Mission

Herbal Anthropology Project protects indigenous traditional knowledge by directly collaborating with indigenous communities in the documentation of their traditional medicine, increasing resilience to globalization and climate change.

What we do:

Herbal Anthropology Project is a 501(c)3 organization founded in 2013, serving the global community by assisting in the documentation and protection of indigenous traditional medicine. Traditional medicine is one form of traditional knowledge (TK) which rightfully belongs to the indigenous population that uses it. The HAP protects access to traditional medicine by utilizing the framework of intellectual property (IP) for the indigenous population we work with.

We accomplish this by facilitating the documentation of traditional medicine information led by the indigenous community members. HAP organizes and manages each community’s TK and IP in secured documents with the indigenous communities determining what is public and private (sacred) information. The deemed public information can be published in a written herbal medicine book, if the community wishes, available online and/or printed format. The published book will be delivered back to the community with appropriate copyrights and IP protection in place. The community determines what to do with the published book; whether they want to use it for an economic support and/or educational and historical purposes. With cross cultural sensitivity HAP supports each community to utilize their traditional medicine information as they see fit.

How we Began:

HAP began when founder Laura Ash, a clinical herbalist and entrepreneur, traveled to Lapland Sweden during the winter of 2011. Laura met with a Sami herbalist who was the only one of her community using traditional medicine of the Sami people. Upon receiving this shocking news, Laura was excited and motivated to collaborate with indigenous communities around the world who were also experience this rapid acculturation and traditional knowledge loss. The following year Laura lived with her family in Tanzania and during a safari was approached by Sayanga, a Misigiyo Maasai herbalist, who asked her to help him write down his villages traditional medicine. After a year of collaborative documentation with Sayanga and his village, Herbal Anthropology Project was born. During that year Laura was shocked to learn about the world of Intellectual Property and the role she would now play in the “ownership” of the Misigiyo’s village knowledge. After learning about the Traditional Knowledge Division of the World Intellectual Property Organization, Laura decided to formalize HAP with the mission that future generations would be able to reference and use the information and to protect their Intellectual Property (IP) rights.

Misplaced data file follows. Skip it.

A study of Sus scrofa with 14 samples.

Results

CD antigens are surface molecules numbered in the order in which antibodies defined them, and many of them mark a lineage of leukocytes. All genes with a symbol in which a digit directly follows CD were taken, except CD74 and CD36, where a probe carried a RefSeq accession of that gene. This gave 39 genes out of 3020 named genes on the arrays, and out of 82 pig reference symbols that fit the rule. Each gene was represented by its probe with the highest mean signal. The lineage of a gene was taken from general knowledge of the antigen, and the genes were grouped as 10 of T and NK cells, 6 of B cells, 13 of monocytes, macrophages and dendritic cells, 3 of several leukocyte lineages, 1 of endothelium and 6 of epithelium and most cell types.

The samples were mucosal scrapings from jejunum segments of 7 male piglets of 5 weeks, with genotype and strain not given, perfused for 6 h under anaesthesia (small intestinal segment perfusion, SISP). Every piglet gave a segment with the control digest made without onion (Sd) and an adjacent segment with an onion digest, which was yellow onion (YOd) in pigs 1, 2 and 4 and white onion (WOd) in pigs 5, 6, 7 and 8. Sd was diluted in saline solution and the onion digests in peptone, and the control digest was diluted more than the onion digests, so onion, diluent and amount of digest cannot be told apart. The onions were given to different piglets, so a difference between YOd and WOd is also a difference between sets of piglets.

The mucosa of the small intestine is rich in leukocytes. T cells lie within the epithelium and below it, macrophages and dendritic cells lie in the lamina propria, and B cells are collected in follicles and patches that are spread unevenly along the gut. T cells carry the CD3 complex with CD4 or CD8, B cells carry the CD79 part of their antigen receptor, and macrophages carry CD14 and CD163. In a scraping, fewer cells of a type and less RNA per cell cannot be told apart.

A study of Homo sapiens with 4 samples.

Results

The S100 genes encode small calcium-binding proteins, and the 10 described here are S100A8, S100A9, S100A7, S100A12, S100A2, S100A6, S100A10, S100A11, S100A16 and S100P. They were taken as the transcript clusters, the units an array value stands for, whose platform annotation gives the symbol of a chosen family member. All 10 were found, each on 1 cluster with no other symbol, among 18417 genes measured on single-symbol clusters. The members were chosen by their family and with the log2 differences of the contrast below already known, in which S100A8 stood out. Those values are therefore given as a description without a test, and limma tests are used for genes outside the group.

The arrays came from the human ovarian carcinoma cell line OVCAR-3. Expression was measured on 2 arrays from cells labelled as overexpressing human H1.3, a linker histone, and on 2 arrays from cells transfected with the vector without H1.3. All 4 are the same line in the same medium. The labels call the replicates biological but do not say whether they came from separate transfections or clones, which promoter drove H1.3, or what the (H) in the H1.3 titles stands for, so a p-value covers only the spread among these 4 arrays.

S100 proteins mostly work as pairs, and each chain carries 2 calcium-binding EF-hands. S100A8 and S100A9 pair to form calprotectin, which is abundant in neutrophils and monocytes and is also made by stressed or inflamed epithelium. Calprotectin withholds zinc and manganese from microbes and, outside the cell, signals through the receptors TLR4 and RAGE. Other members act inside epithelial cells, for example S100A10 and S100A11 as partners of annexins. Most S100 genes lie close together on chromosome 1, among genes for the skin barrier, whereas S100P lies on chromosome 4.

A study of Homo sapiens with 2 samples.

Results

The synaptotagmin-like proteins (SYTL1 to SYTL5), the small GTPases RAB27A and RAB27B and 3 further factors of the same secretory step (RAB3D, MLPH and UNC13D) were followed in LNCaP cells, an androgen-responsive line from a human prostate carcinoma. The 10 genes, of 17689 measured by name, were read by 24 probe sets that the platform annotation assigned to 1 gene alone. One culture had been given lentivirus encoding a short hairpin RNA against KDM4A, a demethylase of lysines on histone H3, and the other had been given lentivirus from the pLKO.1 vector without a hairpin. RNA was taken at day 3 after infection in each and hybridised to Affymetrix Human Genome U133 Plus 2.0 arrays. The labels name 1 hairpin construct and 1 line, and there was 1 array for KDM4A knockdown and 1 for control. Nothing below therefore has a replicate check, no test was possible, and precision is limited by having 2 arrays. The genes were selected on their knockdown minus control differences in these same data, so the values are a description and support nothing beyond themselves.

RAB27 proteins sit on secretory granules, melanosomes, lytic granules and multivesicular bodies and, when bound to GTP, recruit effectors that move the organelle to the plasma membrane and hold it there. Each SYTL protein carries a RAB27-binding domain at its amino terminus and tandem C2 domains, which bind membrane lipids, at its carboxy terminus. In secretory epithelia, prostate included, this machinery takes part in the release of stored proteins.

The published Maasai Traditional Medicine book was published June, 2014 and delivered to Sayanga in Tanzania August, 2014. Sayanga received 100 books in late August, 2014, and within two weeks has sold 80 books to safari lodges and tourists. Sayanga and the Misigiyo village are using the funds to educate children about their Traditional Knowledge in their primary school classes. 400 more books will be shipped within the next five years.

What makes us unique:

The HAP fills a unique niche in the preservation, conservation and protection of Traditional Knowledge (TK), specifically traditional medicine. We collaborate with vulnerable communities in order to support the preservation of their traditional medicines by the means of IP. By establishing strict guidelines to safeguard the TK and IP of our partnered communities we can defensively and positively protect their traditional knowledge and medicines. By defensively protecting TK we are able to stop people outside of the indigenous communities from establishing rights to any IP or TK while positive protection “empowers the communities to promote their TK, control its use and benefit from its commercial exploitation” (WIPO, 16). Collaborative documentation is key to safeguarding IP and TK. The HAP accomplishes this by “creating an environment of mutual confidence and trust this may involve, depending on the circumstances, speaking to the right leader, representative or elder, exchanging gifts; sharing family experiences or stories, etc” (WIPO, 18). This allows every community to determine which information is placed in the public domain (published book), and information to be secured and protected.